Statistics, analytics, visualization – these are the driving forces that allow us to understand the multitude of data pouring into unseen databases across the world. But what do they mean for higher education and online learning?
Data analysis and visualization allows us to comprehend how data is linked to one another, to see the unforeseen. Visualization tools provide actionable insight into decision-making, allowing users to easily find significance and correlation between the data. There are many forms of visualizations: venn diagrams, maps, infographics, histograms, time series, etc. The list is extensive and I could dedicate an entire blog post to the various types, but for now I will leave you with this informative visualization, What Makes a Good Visualization.
As the use and types of visualization tools increase, it is important to understand how they can be applied at educational institutions. Administrators can track student success through various metrics that are tailored to the institution, and faculty and students can use the tools for professional development. From an administrative perspective, visualizing and understanding student success online is key to growing online programs. Also, teaching students the interdisciplinary and professional importance of visualization tools is necessary in a world driven by data.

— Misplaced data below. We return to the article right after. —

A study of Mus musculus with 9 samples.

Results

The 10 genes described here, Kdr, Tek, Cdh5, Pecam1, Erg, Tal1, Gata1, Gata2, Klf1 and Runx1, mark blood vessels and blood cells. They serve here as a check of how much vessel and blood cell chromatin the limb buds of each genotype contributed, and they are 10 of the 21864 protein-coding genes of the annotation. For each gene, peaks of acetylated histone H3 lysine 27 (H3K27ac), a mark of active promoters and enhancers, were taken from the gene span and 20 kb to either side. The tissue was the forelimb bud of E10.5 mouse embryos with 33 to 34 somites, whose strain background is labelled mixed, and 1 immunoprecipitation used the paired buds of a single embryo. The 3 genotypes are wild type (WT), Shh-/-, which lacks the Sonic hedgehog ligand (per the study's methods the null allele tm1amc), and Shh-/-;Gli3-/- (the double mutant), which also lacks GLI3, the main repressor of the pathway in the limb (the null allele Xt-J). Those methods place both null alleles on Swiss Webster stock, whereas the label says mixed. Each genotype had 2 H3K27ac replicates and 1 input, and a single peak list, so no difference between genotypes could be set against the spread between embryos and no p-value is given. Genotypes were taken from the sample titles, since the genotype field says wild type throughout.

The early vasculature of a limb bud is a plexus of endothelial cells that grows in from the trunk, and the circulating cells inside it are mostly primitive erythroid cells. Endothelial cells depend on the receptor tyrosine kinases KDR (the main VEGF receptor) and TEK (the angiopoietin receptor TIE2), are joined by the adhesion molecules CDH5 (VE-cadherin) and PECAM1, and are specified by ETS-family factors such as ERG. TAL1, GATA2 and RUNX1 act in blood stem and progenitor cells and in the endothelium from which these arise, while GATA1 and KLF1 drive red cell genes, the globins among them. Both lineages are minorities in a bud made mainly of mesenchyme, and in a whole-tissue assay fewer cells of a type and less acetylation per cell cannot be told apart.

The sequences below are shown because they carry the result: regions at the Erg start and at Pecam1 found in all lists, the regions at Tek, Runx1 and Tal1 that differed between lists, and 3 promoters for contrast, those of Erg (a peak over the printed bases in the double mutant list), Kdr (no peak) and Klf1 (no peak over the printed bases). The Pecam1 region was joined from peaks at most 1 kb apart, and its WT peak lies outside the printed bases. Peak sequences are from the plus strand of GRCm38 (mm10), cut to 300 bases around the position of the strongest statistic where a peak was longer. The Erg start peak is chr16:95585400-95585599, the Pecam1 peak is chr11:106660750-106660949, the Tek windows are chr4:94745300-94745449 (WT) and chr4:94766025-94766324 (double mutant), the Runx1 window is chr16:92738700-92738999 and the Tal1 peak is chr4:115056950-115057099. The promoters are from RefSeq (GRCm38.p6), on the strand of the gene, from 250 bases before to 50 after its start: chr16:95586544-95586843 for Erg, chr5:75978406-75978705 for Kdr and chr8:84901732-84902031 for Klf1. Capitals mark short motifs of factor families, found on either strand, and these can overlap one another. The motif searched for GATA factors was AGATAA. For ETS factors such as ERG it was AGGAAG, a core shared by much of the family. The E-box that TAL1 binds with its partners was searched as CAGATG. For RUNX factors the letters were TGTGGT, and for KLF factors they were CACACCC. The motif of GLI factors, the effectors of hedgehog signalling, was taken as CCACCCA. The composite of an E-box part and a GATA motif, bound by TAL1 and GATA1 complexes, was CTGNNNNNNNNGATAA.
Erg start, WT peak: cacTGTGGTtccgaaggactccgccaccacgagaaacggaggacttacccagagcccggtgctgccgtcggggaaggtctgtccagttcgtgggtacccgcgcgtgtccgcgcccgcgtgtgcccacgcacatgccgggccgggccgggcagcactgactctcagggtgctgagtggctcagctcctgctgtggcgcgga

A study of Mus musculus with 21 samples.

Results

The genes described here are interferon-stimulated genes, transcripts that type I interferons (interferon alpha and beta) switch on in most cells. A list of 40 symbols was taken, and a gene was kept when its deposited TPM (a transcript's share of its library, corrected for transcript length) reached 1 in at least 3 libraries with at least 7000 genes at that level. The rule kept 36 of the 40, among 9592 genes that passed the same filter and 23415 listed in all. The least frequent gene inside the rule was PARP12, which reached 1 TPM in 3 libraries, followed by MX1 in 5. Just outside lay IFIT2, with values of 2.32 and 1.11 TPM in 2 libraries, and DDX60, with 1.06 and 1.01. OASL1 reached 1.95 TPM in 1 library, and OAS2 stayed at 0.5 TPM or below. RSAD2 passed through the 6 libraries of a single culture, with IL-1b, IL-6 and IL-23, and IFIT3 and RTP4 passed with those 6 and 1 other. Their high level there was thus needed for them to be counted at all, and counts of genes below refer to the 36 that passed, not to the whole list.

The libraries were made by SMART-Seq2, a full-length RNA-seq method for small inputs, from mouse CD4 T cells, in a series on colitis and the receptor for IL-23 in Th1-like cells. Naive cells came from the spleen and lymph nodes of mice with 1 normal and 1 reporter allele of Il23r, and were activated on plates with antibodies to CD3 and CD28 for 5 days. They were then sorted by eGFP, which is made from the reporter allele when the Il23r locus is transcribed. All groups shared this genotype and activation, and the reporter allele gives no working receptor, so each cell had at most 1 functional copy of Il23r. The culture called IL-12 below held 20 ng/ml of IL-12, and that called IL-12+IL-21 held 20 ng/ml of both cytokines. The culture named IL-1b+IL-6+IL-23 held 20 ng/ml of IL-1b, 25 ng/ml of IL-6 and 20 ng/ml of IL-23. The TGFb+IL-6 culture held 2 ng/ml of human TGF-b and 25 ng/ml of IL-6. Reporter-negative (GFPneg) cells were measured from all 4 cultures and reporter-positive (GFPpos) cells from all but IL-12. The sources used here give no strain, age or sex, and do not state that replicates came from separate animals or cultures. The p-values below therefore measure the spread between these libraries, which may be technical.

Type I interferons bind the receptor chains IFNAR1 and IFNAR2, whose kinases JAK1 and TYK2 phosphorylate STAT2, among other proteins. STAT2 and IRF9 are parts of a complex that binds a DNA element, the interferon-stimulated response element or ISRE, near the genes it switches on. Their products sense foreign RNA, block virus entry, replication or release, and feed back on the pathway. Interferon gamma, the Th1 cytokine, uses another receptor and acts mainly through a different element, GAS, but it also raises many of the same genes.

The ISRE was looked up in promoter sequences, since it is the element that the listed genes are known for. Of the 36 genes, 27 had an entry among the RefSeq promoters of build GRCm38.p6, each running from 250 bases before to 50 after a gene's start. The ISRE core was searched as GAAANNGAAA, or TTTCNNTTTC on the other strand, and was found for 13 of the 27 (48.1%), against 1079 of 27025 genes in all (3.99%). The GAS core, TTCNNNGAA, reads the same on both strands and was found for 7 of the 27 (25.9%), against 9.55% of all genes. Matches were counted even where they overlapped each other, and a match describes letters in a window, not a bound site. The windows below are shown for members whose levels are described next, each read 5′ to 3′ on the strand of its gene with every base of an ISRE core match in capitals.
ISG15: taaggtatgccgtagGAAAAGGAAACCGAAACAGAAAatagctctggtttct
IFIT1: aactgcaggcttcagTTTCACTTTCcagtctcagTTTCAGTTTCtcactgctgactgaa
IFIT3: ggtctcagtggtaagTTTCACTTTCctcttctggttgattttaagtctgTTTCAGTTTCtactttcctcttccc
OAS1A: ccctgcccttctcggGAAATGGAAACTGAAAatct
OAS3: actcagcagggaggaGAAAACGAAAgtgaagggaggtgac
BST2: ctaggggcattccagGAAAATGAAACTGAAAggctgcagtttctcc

Online learning is becoming integral to higher education, due to low costs and the ability to learn from anywhere, anytime. The growth in online programs allows data visualization to provide learning experiences for both students and faculty. Students can easily use visualization tools to create infographics online, learn a new topic, or understand how topics link to one another. Faculty can also use data visualization within Learning Management Systems (LMS) to track student success within her/his course. For example Canvas, a LMS tool, provides metrics on student participation, grades, and interactions with both the course instructor and other students.
While vast amounts of data can be overwhelming, the use of data visualization tools can provide insight and connections between them. Educational institutions are beginning to use these tools for various reasons, but perhaps one of the more important uses is for online education. Implementing visualization tools within online courses can allow students to integrate data analytics into their learning, while also providing faculty with tools to help improve students’ learning experiences.